Engineering students assess hurricane damage

By Alyssa Etier

Alexis Kwasinski and Wayne Weaver traveled to the areas affected by Hurricane Katrina Oct. 16 through 23 in order to assess the damages. The University graduate students of the College of Engineering looked at power infrastructures, concentrating on communication.

“First, we have to find out what happened, to assess what happened,” Weaver said. “Hopefully, from that information someone will be able to make improvements in the future.”

Kwasinski and Weaver held a seminar to discuss their research Monday at Everitt Laboratory, 1406 W. Green St., in Urbana, which was telecast to six other universities. They will finish the report on their findings by July so that it is completed before the next hurricane season.

In September, Philip Krein, professor of electrical and computer engineering and head of the Grainger Center for Electric Machinery and Electromechanics, applied for a grant from the National Science Foundation, and it was approved Sept. 9.

“It’s the government’s response to say how we can be more prepared for another hurricane,” said Joyce Mast, research assistant for the Grainger Center.

At the peak of harm to electrical system infrastructures, 2.7 million people were affected. When Kwasinski and Weaver visited six weeks later, 125,000 people still did not have power.

“You need power to get the communication network to work,” Kwasinski said during the seminar. “The telephone network is complex, very interconnecting. Keeping this network working is very difficult, and one thing keeping it working is power supply.”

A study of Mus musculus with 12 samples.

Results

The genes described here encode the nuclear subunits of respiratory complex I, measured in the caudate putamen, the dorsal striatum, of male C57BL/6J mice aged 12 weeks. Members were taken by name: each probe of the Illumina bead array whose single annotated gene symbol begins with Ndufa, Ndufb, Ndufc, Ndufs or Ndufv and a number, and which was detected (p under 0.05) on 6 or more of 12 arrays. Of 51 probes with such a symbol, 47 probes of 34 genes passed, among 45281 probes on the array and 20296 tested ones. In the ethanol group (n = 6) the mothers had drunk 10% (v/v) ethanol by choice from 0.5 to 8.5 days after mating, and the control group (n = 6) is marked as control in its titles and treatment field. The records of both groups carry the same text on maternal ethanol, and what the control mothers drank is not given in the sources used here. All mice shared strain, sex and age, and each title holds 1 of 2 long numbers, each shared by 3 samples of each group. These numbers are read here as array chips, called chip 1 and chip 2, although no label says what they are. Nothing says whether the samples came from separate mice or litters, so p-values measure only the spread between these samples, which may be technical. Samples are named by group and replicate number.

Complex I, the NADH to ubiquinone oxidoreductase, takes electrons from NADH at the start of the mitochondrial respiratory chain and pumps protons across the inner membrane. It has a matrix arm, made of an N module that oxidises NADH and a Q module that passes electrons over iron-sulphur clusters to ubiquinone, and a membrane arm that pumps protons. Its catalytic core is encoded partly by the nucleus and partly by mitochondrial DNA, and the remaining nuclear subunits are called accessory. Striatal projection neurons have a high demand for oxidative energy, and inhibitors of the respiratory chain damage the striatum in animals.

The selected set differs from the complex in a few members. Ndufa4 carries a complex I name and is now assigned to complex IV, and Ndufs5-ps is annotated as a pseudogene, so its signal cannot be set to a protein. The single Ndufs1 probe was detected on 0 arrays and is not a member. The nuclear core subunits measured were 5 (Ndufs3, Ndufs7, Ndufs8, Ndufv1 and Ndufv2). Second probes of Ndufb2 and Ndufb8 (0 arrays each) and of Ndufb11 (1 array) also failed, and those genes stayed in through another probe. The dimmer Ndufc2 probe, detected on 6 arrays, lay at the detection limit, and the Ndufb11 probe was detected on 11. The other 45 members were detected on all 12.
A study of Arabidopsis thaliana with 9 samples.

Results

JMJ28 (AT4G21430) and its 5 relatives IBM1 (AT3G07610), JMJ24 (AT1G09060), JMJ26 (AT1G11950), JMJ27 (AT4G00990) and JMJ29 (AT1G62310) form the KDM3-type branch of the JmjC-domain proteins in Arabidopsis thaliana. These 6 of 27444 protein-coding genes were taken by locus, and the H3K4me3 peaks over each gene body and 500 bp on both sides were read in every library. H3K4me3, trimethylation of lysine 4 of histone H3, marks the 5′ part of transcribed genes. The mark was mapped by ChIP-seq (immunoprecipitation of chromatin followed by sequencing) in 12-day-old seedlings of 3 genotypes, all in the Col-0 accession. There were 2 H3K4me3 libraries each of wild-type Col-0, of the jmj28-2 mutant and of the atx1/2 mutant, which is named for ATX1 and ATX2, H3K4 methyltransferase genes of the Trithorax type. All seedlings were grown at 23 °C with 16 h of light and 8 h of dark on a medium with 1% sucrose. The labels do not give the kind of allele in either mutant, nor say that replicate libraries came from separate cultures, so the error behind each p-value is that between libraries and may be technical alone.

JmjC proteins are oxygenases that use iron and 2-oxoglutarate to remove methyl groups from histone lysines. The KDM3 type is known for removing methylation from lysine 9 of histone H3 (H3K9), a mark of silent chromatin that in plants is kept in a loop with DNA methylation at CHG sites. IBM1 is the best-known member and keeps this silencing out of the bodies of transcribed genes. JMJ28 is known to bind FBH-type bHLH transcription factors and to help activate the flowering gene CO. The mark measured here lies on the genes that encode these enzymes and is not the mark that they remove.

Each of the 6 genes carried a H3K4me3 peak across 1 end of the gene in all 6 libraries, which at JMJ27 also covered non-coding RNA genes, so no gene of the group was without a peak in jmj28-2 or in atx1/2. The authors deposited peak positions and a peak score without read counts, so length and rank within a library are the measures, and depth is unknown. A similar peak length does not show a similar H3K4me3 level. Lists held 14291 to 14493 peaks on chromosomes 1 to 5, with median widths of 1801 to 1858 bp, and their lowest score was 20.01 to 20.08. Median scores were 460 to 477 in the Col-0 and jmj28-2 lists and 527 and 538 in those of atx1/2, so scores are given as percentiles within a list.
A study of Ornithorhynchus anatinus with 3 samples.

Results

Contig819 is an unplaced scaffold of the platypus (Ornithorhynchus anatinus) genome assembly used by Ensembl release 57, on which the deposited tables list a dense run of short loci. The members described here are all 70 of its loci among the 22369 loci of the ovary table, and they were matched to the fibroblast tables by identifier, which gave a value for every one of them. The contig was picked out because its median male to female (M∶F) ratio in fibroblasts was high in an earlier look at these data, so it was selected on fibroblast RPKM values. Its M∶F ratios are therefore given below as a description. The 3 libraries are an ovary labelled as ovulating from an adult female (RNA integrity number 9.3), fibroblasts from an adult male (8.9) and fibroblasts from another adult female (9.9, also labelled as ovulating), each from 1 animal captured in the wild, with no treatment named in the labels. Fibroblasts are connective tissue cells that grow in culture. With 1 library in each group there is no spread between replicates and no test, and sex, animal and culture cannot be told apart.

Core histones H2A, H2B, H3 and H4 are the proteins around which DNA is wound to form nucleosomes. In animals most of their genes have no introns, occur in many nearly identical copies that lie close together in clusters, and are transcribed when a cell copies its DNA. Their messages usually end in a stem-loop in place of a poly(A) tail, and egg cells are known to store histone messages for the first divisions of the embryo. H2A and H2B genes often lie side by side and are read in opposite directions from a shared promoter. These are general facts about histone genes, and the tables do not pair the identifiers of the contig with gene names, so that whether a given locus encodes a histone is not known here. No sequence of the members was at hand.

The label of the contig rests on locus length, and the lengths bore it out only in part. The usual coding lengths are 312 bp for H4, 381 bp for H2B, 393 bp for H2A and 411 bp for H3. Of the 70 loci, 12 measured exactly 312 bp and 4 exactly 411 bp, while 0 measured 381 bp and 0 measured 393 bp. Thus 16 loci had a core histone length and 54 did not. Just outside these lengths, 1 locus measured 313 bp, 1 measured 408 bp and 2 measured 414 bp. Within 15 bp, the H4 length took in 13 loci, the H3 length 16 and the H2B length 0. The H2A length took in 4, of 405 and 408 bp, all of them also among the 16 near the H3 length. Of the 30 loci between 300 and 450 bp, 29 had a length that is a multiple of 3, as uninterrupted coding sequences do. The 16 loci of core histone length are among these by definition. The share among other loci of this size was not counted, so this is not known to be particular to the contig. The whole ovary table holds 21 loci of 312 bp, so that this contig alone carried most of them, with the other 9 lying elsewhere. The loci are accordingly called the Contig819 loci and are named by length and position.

While visiting the affected areas, Kwasinski and Weaver focused on central offices, which act as a communication hub for a community.

“Not only in New Orleans, but in Mississippi, there were a large number of central offices that went out of service, even destroyed,” Kwasinski said.

Kwasinski and Weaver were surprised to find that the most serious damages occurred in central offices, which according to Kwasinski is unusual because they are enclosed. Some central offices lost service for three days, some for two weeks or longer, and others were completely destroyed.

“Katrina was strong enough to take out everything,” Weaver said.

During the seminar, Kwasinski and Weaver showed pictures of central offices that had been flooded – some to the rooftops – and had mud and debris on cable-racks and distribution panels.

They also discussed the difficulty of bringing portable generators and replacing batteries. They met one woman who drives all day to damaged areas to refuel generators.

The slide show also provided pictures of damage to roads, houses, businesses and other property. They noted messages to the Federal Emergency Management Agency, the government or passers-by on doors and vehicles, such as “you loot, we shoot.”

While showing a picture of a destroyed yellow convertible, Weaver said, “That’s a comment we made to each other a lot, ‘wow, that car must have been nice, that was a nice house.'”

The National Science Foundation will use Kwasinski and Weaver’s research as well as information gathered from other perspectives.